Sort-of-Paella, from A Girl Called Jack, photographed by Susan Bell.

Sort-of-Paella, from A Girl Called Jack, photographed by Susan Bell.

The star of the show in this paella is the simple coloured rice, cooked al dente, accentuated with bright red tomatoes and little green peas. This recipe is delicious on its own, or can be used as a base. Feel free to add chopped peppers, seasonal vegetables, any meat or fish of your choice, a glass of white wine, a splash of sherry – whatever your budget or your cupboard will allow. But for me, nothing beats a fistful of tiny little prawns, half a cup of peas and a spoon to eat it with.

Traditional paella uses saffron strands to colour the rice, but I use bright yellow turmeric powder instead. This is a fraction of the cost and much more versatile, as it can be used in Saag Aloo, Spiced Potato Soup and many, many curry recipes besides. Traditional paella also uses a fat short-grain rice, but I use the ordinary long-grain store cupboard stuff because it’s what I have to hand. And a rice is a rice is a rice, as far as I’m concerned.

Serves 2 at 64p each*

2 tablespoons oil, 4p

1 onion (around 180g), 10p

2 cloves of garlic, 4p

500ml chicken or vegetable stock, 3p

a scant 1/2 teaspoon turmeric powder, 3p

200g tinned chopped tomatoes, 14p

150g rice, 7p

1/2 tsp mixed dried herbs, 1p

70g fresh or frozen peas or green beans, cut into lengths, 5pea (couldn’t resist!)

100g fresh or frozen cooked prawns, 77p

Heat the oil in a medium frying pan or sauté pan. Peel and finely slice the onion, peel and finely chop or crush the garlic, and put both into the pan to soften for a few minutes on a medium heat. Take care not to brown them, as the slightly burnt taste will permeate through the whole dish.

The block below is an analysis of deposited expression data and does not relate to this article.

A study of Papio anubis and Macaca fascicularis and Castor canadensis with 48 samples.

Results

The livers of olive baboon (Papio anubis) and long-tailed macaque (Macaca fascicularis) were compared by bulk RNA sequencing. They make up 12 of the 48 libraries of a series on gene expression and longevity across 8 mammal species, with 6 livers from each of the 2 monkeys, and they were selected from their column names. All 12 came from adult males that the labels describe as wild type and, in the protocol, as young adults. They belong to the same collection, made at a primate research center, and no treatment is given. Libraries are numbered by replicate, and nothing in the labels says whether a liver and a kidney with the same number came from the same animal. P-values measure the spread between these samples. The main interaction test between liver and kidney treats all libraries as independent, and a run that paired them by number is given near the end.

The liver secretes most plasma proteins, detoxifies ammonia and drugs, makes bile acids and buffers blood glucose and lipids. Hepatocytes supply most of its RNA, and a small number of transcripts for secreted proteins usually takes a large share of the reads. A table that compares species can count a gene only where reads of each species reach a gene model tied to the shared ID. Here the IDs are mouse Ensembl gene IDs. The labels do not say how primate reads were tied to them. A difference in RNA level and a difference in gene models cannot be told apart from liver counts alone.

Meanwhile bring the chicken stock to a simmer in a separate small saucepan and shake in the turmeric.

Add the chopped tomatoes and the rice to the frying pan with the onion and garlic and stir.

Chop the thyme, add to the pan and stir again briefly to combine. Pour a cup of the hot stock into the pan, then stir well to stop the rice from sticking.

When the stock has been absorbed by the rice, add another cup. Repeat until all the stock is used up, or the rice is soft. unlike risotto, you do not need to stir paella constantly, but a little stir every now and again is helpful to stop the rice from sticking to the pan.

When the rice is almost cooked, add the frozen peas or beans and the cooked prawns, stir and cook for 5 minutes until the vegetables are tender and the prawns are warmed through.

Remove from the heat and leave to stand for a few minutes before serving, to allow the flavours to settle. Traditionally you’d drizzle a little extra oil over the top, to serve. And maybe a pinch of salt.

*costings correct at time of writing.

All text copyright Jack Monroe.

This recipe is from A Girl Called Jack, my new book Tin Can Cook is available to pre-order and you can find Cooking on a Bootstrap here.